Should I inform my Buyer or Conveyancing Solicitor about boundary and access problems?
Conveyancing Solicitors frequently come across boundary disputes, which can be a cause of great friction between homeowners.
The forms used by Conveyancing Solicitors require information as to whether any boundary feature has been moved in the last 20 years. If a boundary fence or wall has been repositioned, then details must be given. This may have been done by agreement, but cases have arisen where the new owners check the title plans and find that they have not actually bought the full plot of land.
What about right of access?
Conveyancing Solicitors also regularly encounter cases where a private access has been obstructed, either permanently or on a regular basis, or where there are disputes about the use of parking spaces.
When land has the benefit of a legal right of way, obstructing it does entitle the owner to take legal action. Situations sometimes arise where owners do not need to use a path or drive – perhaps they are entitled to use an access leading to a garage, but do not own a car.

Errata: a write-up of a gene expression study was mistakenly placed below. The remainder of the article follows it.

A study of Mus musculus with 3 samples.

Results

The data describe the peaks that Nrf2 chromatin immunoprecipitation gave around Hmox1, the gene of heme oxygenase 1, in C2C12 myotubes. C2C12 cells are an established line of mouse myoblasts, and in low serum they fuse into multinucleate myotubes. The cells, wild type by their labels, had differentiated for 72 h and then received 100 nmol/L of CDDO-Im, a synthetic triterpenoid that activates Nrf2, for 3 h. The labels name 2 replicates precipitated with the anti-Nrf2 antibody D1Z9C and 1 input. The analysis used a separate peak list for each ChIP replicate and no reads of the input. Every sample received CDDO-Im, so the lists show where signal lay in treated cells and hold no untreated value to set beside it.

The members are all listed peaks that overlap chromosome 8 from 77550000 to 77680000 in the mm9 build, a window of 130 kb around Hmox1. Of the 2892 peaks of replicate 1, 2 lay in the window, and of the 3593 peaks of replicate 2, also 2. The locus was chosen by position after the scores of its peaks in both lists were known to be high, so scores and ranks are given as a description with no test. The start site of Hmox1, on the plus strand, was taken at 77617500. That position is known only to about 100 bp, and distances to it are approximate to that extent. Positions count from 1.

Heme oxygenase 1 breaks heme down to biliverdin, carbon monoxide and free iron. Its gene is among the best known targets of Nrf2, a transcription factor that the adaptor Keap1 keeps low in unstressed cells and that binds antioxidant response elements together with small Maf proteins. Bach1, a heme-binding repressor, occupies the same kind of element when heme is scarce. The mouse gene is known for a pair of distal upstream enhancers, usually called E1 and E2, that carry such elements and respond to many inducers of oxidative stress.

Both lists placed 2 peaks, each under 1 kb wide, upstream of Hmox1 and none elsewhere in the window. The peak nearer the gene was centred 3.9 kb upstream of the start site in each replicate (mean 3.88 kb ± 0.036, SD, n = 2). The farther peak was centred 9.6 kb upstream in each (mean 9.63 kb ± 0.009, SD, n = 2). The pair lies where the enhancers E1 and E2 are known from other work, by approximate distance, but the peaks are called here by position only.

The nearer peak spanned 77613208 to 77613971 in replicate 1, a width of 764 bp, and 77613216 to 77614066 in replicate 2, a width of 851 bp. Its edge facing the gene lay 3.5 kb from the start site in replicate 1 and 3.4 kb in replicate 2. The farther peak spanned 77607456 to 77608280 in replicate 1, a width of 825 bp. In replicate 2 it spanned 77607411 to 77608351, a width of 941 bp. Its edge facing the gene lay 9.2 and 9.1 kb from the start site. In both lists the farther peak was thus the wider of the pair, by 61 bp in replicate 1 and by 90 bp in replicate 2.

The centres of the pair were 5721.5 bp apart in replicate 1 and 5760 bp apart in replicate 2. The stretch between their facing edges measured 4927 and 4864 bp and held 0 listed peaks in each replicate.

This may lead an adjoining landowner to think that they have abandoned their legal right, and block it off. But sometime later the first property is sold, and the new owners want to use the garage – thus leading to a dispute.
What can your Conveyancing Solicitor do about it?
As a buyer, if you have any doubts about the property you an intending to buy, inform your Conveyancing Solicitor and request than they investigate further. A proactive property lawyer should take action to query any discrepancies they have found on title plans or other documents.
If you are selling, speak to your Conveyancing Solicitor if you are in any doubt about what you should include on property information forms.